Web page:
In my mind, it's fine if you want to be a leader of an organized protest movement, but you can't also be in a journalistic role. You can't be the host of a journalism program and plead that you are different than the reporter who is going to come on a minute after you introduce the program.

However, World of Opera, distributed nationally by NPR, is produced by WDAV, a classical-music radio station in North Carolina, and it doesn't see any conflict of interest where Soundprint does. "Ms. Simeone's activities outside of this job are not in violation of any of WDAV's employee codes and have had no effect on her job performance," a station spokesperson wrote in an email to the AP. Interestingly, although the national network itself "questioned" Simeone's activism, saying that its code of ethics applies to cultural radio shows like hers, NPR is emphasizing that it can't take action against someone it doesn't employ. "We are not her employer, but she is a host for a show that we distribute," an NPR spokesperson told the AP. "She's a public person who represents NPR and public radio."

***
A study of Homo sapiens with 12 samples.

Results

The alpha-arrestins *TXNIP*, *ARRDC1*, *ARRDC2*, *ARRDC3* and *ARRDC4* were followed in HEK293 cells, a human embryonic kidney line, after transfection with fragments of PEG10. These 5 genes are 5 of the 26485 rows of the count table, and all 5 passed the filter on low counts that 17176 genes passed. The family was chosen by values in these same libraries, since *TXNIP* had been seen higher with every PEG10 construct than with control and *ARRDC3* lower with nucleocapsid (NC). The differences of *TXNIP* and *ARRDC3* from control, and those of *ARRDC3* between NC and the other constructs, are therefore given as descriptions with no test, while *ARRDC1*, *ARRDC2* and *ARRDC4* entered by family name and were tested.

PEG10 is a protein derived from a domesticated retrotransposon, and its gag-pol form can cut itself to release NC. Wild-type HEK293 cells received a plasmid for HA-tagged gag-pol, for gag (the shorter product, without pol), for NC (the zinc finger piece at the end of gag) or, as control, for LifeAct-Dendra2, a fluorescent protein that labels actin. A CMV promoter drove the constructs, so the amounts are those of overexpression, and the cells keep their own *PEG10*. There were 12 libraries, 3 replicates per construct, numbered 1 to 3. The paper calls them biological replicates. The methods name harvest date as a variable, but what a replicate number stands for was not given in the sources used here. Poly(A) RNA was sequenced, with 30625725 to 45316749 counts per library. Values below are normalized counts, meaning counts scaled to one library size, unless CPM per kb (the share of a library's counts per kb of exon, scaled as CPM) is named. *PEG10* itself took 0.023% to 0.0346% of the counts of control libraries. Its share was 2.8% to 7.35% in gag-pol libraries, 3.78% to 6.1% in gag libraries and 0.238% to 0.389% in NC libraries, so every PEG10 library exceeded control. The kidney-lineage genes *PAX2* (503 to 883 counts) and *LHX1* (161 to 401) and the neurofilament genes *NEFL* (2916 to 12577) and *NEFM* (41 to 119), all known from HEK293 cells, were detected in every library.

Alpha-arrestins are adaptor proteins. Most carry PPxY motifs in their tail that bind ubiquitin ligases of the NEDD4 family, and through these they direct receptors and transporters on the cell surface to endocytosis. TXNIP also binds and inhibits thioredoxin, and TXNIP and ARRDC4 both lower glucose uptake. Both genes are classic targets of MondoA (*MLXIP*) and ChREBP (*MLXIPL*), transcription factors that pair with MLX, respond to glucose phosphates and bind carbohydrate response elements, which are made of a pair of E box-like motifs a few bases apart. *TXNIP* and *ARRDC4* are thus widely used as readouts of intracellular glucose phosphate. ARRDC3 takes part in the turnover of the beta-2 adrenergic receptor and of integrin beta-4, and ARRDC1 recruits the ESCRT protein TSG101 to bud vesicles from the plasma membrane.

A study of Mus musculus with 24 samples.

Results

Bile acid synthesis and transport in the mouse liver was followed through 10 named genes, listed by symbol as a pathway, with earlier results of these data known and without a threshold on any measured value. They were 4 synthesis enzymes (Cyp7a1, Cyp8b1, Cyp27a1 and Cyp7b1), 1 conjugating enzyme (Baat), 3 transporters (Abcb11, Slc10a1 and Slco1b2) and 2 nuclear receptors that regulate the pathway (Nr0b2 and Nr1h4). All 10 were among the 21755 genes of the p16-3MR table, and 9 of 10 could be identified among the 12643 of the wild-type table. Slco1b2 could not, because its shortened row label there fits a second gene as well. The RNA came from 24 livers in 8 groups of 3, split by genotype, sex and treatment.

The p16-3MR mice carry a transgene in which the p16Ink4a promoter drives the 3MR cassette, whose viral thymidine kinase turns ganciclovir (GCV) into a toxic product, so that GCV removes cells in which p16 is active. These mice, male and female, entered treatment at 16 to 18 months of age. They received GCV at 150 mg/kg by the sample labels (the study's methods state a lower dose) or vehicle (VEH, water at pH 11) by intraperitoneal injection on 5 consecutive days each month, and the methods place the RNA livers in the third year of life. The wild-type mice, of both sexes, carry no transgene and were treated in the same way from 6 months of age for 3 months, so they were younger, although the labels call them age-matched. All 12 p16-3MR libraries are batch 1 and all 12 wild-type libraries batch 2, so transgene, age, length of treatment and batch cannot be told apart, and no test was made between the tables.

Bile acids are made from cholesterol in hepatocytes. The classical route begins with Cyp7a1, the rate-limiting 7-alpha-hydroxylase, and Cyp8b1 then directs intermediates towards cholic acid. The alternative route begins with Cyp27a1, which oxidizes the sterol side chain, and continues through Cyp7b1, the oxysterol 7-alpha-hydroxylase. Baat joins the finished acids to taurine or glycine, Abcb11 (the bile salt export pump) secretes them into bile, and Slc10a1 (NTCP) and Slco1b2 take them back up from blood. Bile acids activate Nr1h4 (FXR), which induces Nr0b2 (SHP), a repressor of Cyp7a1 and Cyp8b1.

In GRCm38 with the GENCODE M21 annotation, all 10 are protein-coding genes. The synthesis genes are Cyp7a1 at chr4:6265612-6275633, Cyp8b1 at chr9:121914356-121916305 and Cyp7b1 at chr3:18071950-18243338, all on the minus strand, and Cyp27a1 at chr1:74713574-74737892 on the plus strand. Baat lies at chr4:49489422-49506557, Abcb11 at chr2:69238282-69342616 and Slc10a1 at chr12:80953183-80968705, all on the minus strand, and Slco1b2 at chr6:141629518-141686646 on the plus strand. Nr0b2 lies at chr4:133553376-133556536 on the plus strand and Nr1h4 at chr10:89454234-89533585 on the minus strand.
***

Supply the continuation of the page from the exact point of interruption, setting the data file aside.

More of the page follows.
For the record, Simeone defends her choice to protest here:

I find it puzzling that NPR objects to my exercising my rights as an American citizen -- the right to free speech, the right to peaceable assembly -- on my own time in my own life.  I'm not an NPR employee.  I'm a freelancer.  NPR doesn't pay me.  I'm also not a news reporter.  I don't cover politics.  I've never brought a whiff of my political activities into the work I've done for NPR World of Opera.  What is NPR afraid I'll do -- insert a seditious comment into a synopsis of Madame Butterfly?